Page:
Online Education: Here Comes the Tsunami

Online education is a tsunami and it’s about to inundate us. It is changing education and how we think about – and maybe also what we’re willing to pay for it.

Giant waves crash on Lumahai Beach on the Hawaiian island of Kauai

A couple of months ago, MIT and Harvard announced the formation of edX, a joint venture that will offer top quality online learning to millions of students throughout the world. Can’t get into MIT? Can’t afford Harvard? Not to worry. You can “take” MIT and Harvard classes online for free.

Not to be outdone, a coalition of major universities just unveiled a plan to offer hundreds of MOOCs beginning this fall. Oh, don’t know what a MOOC is? Soon this abbreviation will be common. But let me be the first to decode it for you: Massive Open Online Course. It’s open in that it is available to anyone across the globe. And, for now, the MOOCs offered by this consortium of universities will be free.

The universities that have banded together include:

California Institute of Technology;
Duke University;
Georgia Institute of Technology;
Johns Hopkins University;
Rice University;
University of California, San Francisco;
University of Illinois, Urbana-Champaign;
University of Washington;
University of Virginia;
University of Edinburgh in Scotland;
University of Toronto;
EPF Lausanne, a technical university in Switzerland.

This impressive collection of schools teamed up with Coursera, a year-old company founded by two Stanford professors.

What do the leaders of these universities think about their new endeavor?

“This is the tsunami,” said Richard A. DeMillo, the director of the Center for 21st Century Universities at Georgia Tech. “It’s all so new that everyone’s feeling their way around, but the potential upside for this experiment is so big that it’s hard for me to imagine any large research university that wouldn’t want to be involved.”

According to the times, MOOCs will have a profound impact on higher education, and therefore on the world:

Because of technological advances — among them, the greatly improved quality of online delivery platforms, the ability to personalize material and the capacity to analyze huge numbers of student experiences to see which approach works best — MOOCs are likely to be a game-changer, opening higher education to hundreds of millions of people.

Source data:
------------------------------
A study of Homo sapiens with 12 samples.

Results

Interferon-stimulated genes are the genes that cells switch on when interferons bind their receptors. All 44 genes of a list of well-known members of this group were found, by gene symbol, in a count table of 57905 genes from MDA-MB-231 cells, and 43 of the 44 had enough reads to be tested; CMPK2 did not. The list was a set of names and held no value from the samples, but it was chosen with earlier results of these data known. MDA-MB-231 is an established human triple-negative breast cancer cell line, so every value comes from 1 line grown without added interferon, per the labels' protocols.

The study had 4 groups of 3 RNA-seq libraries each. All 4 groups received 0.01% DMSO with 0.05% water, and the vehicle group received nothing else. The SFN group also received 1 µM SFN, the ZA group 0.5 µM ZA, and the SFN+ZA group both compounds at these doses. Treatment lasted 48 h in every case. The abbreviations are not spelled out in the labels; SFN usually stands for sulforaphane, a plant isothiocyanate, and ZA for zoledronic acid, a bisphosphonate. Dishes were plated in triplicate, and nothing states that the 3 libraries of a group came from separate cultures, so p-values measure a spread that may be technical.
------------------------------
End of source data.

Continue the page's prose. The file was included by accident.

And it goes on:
Is this good news? Bad news? Mixed news? There’s no question in my mind that it is news, big news. But I’m unsure about the goodness/badness quotient. On the one hand, it seems wonderful to make high quality lectures available to people who might never before have been able to experience them. (This must be sending shock waves through The Teaching Company, which has made a substantial chunk of money selling “great courses” online. Why should we pay them when we can get a similar product for free?)

On the other hand, I worry about the impact of online education on smaller and local colleges. If I can learn American history from one of the top lecturer/scholars in the world, why take a course at the community college? And if I’m an administrator of the community college, trying desperately to save money, perhaps I’ll hire an inexpensive discussion leader/grader for the American history course and have students “take” the online course from Duke.

Yet, I have even more serious concerns about online education. I’ll share some of these soon.


  • Stacy

    This is a very thoughtful examination of online education. I’d be interested to hear what you think of the work my company is doing:

  • andrew

    James KA Smith’s newest book on Christian education (‘Desiring the Kingdom’) would suggest that ‘virtual’ education is disembodied and thus not capable of touching our imaginations (and thus not capable of forming us morally). He argues that imagination is only engaged when our bodies are (hence the Pentateuch has a ritual heart – Leviticus).

    This evasion of the imagination is, of course, no worry for the secular institutions you mentioned (most wouldn’t see moral formation as within their remit) – but it is a worry for any school that thinks that thinking (and imagining) is to happen under the Lordship of Christ.

    Christ taught by moving into the neighborhood, and the church teaches in the same way (satellite ‘churches’ would be the exception here). It seems to be worth pondering why Christ left His people a book and a community – and not just the former. This whole issue of virtual education seems to be another instance where the culture would do better adapting to the church, rather than the other way around.